As England get set to take on West Indies in St Lucia for the third and final Test of the series, Taha Hashim gives his take on why England’s batting in the Test arena continues to falter.
It doesn’t seem too long ago that England appeared to be a side ready to climb to No.1 in the world. In fact, such a prospect seemed feasible just under three weeks ago.
Joe Root’s men entered their tour of the Caribbean with an impressive list of achievements behind them. The summer had borne witness to a 4-1 series win over India, the world’s best. The first half of the winter saw Sri Lanka shown up on their home turf – the 3-0 whitewash being England’s first series win in the subcontinent since the glorious Indian tour of 2012.
Applause for England’s performances, led by their staggering disposal of all-rounders, was certainly merited. In the aftermath of England’s win in the Kandy Test in November, Root outlined the ambitions of his team, telling Sky Sports: “We want to get to No.1 in the world at some point and we are going to have to be really consistent in all parts of the world to do that.”
How things turn in the blink of an eye. England will enter their final Test of the winter tomorrow in St Lucia under rather acrimonious circumstances. They have been shown up by a West Indies side that in trying to carve out a brighter future have evoked a healthy dose of nostalgia with their performances.
The four-man pace attack comprising Messrs Roach, Holder, Joseph and Gabriel have been mesmerising to watch, paying homage to names such as Holding and Garner with their rapid dismantling of the English.
For England, two heavy thrashings have posed a few startling questions. Is their extensive list of all-rounders a curse rather than a blessing? The desire to reward Sam Curran for his brilliant entry to the side last year with a spot in the opening Test was more than fair, but this tour has been a rude awakening for the young Surrey all-rounder. In Barbados, he failed to show much control with the new ball, which ensured a return for Stuart Broad in Antigua.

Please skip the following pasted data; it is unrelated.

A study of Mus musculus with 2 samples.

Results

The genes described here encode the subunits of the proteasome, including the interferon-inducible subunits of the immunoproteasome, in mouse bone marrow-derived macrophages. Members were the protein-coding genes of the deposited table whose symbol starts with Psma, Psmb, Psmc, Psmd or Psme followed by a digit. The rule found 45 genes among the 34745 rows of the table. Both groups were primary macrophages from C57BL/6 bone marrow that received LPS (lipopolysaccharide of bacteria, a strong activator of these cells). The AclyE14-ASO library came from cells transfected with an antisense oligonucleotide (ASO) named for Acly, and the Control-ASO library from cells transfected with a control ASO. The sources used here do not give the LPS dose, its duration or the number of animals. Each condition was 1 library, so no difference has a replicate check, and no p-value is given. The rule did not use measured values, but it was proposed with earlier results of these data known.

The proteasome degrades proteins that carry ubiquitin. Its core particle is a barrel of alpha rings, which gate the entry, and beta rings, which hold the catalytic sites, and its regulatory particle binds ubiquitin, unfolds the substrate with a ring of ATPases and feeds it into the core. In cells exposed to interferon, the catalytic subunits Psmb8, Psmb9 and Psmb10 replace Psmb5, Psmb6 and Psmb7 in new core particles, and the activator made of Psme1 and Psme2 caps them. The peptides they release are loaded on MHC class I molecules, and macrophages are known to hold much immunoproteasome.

While Curran’s batting prowess ensured that he merited another opportunity in Antigua, he seems a confused soul as a batting all-rounder at No.9. It is an area of puzzlement for England, for they possess a diamond in the rough, one that could reap grand rewards in the future, but one that is perhaps providing more problems than solutions at this moment in time.
And yet, the key question remains, one that has plagued English cricket for the last five years: what’s wrong with England’s batting?
It’s a query that possesses more than a few answers, but there is one significant factor to be highlighted.
A mantra of positivity has been a hallmark of this side, with a bulk of their batsmen featuring in England’s rampaging ODI team. The last few years have seen England in deep preparation for a World Cup on home shores and it increasingly seems that such adventurousness has spilled over into England’s long-form batting.
Wild drives from Ben Stokes, Moeen Ali and Jonny Bairstow – three regulars in England’s limited-overs sides – led to the triumvirate having their stumps dismantled in the second-innings collapse at Antigua. It was telling. England’s aggression has been wild fun to watch at times – they were easy on the eye in Sri Lanka. But, when it goes haywire, as it has done over the last month, it’s not a pretty sight.
In the aftermath of the ten-wicket defeat in the second Test, Trevor Bayliss admitted that England’s batsmen underwent a crisis meeting to solve their troubles. The coach even made a worthy admission: “We’ve got the one-day team that goes out and plays that way.
“Sometimes I feel the message between one-day cricket and Test cricket gets muddled a little.”
Nevertheless, an underlying feeling remains that little will change in St Lucia. If a collapse to 77 all out in Bridgetown didn’t provoke a shift in mentality at Antigua, one can barely expect an entirely new mindset when England line-up against the West Indies quicks in the final Test.
Much of this side will take part in the Ashes this summer, but prior to that, they have the chance to earn World Cup glory. One can’t help but think that the dream of lifting that trophy on home soil has hampered England’s Test fortunes.